An order to pay a bill for embroidering royal gowns, March 1627
(Catalogue ref: SP 39/19/51)
This is an order to pay a bill for embroidering the gowns of Charles’s wife, Queen Henrietta Maria, and thirteen ladies in waiting.
The order went to the Treasurer of the Exchequer, the man in charge of the government ‘department’ that dealt with money and taxes. The £913 10s in this bill would be the equivalent of about £115,000 in the early 2000s – just for the embroidery, not the gowns themselves!
Charles was a small shy young man with a stammer. He was probably a little insecure. This was one reason why he wanted to be surrounded by impressive art, buildings and clothes for him and his wife and his nobles.
Most of the nobles loved art, architecture and fine things. As king, Charles was keen to have the finest things of all. Magnificent buildings like the Banqueting House and the Palace of Whitehall did impress people. Charles also insisted on strict rules of behaviour at court. People could only talk to him at certain times. His rules were designed to remind people that he was the king.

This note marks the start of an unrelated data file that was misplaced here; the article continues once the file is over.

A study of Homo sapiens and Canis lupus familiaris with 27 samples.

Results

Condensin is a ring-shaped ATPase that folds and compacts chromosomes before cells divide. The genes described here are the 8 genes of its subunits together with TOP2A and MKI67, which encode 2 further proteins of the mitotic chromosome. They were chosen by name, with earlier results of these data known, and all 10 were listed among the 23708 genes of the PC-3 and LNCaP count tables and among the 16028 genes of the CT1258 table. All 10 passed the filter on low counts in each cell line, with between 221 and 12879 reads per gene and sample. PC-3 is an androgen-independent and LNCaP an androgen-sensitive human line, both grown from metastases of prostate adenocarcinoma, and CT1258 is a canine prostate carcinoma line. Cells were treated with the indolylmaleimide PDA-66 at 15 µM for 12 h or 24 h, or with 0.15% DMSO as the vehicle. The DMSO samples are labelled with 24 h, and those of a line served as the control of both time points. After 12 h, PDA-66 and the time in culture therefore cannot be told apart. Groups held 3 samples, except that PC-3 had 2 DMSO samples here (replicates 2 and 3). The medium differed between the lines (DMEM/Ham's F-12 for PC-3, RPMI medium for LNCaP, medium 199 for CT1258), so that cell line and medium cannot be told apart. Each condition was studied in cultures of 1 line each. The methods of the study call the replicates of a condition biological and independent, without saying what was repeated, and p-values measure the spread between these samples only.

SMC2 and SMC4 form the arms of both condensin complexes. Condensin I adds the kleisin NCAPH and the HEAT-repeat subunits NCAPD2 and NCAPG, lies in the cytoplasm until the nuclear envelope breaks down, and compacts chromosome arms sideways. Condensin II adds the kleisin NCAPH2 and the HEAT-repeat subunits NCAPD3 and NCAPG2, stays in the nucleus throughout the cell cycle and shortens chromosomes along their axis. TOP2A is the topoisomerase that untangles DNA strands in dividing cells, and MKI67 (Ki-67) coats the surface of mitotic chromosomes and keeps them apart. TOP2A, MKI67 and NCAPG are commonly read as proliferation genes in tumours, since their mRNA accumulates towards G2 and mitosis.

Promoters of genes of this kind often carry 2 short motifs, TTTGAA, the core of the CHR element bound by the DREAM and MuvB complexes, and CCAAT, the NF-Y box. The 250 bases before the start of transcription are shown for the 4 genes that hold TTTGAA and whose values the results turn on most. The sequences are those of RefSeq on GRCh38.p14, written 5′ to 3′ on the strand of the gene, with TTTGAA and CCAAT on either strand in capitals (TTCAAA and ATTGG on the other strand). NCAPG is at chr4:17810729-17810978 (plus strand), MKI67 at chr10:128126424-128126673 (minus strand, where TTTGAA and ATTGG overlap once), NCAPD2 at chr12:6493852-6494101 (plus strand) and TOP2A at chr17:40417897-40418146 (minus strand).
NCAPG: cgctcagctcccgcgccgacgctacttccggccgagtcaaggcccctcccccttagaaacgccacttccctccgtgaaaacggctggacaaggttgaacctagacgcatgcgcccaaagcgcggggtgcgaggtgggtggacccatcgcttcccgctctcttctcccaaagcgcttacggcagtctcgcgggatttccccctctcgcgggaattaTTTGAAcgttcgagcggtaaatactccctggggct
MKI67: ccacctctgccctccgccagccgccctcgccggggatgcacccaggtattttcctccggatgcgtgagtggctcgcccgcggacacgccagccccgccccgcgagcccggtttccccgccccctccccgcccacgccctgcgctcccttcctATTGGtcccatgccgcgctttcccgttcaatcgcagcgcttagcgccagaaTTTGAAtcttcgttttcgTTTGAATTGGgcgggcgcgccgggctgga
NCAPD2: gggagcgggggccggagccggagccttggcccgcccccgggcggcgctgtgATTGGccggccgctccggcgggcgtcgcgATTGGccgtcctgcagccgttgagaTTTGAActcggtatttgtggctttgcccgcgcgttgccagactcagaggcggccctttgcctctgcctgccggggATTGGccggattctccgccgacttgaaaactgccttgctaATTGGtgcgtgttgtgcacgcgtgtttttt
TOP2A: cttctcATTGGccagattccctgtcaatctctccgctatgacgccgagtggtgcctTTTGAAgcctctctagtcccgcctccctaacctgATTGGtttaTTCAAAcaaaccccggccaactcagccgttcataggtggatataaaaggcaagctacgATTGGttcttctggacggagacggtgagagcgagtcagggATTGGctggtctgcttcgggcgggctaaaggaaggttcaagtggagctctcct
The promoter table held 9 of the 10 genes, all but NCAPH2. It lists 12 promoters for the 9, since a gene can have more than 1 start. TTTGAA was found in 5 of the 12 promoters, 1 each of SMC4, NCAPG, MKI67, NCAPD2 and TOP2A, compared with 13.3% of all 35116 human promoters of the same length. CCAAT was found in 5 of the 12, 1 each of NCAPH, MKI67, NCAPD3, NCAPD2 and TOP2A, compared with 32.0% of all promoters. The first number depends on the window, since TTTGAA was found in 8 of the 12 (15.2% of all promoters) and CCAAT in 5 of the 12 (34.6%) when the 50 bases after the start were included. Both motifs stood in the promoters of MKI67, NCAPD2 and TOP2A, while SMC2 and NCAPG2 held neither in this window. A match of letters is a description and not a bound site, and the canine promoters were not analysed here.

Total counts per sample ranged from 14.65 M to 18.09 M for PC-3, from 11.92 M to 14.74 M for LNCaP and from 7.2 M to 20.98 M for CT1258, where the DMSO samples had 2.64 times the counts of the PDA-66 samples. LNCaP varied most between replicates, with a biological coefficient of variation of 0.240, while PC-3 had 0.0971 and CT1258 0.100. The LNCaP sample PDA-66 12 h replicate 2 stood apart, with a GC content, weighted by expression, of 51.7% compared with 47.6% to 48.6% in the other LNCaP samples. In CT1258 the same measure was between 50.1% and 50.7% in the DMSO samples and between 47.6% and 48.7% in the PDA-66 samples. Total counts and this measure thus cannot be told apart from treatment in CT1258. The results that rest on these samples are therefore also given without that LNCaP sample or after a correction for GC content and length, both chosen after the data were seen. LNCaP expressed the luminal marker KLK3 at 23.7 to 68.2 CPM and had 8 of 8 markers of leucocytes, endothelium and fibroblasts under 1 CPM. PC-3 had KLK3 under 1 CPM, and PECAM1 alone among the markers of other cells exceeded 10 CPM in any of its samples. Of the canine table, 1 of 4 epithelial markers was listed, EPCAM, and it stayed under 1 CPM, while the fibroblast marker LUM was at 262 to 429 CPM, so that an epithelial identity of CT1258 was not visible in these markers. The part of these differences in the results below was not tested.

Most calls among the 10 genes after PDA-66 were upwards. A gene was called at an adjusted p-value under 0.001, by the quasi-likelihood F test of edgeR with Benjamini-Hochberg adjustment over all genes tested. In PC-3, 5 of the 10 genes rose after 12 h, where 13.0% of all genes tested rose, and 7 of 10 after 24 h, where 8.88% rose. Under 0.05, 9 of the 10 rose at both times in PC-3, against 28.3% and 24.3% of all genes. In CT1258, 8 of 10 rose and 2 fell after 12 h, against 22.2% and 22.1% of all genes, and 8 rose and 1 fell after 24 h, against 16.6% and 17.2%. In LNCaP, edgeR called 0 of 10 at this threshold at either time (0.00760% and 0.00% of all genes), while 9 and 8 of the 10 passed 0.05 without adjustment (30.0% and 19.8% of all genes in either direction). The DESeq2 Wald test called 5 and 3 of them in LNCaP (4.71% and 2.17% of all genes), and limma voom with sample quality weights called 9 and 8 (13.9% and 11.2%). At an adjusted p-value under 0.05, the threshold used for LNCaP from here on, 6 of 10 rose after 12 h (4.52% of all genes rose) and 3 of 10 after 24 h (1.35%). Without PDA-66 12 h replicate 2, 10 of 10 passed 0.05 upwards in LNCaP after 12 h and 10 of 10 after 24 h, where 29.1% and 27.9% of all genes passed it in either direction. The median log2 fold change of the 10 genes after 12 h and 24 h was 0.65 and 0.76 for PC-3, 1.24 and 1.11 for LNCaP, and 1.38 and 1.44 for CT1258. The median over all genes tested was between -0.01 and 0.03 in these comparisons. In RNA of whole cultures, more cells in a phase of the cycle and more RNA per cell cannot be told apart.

All monarchs liked to be surrounded by beautiful things. Elizabeth I and James I both spent large amounts of money on art, architecture, entertaining, clothing etc. Charles I was the same.
Elizabeth and James were often in financial trouble. When their money troubles became critical they usually called a Parliament. Both realised that ruling involved give and take. MPs would agree to taxes and in return the monarch listened to the concerns of MPs and tried to do something to help. Charles found it hard to listen to any advice or concerns and saw all comments as criticism. This meant he had a difficult relationship with MPs, but he needed them because they had to agree to new taxes to raise money.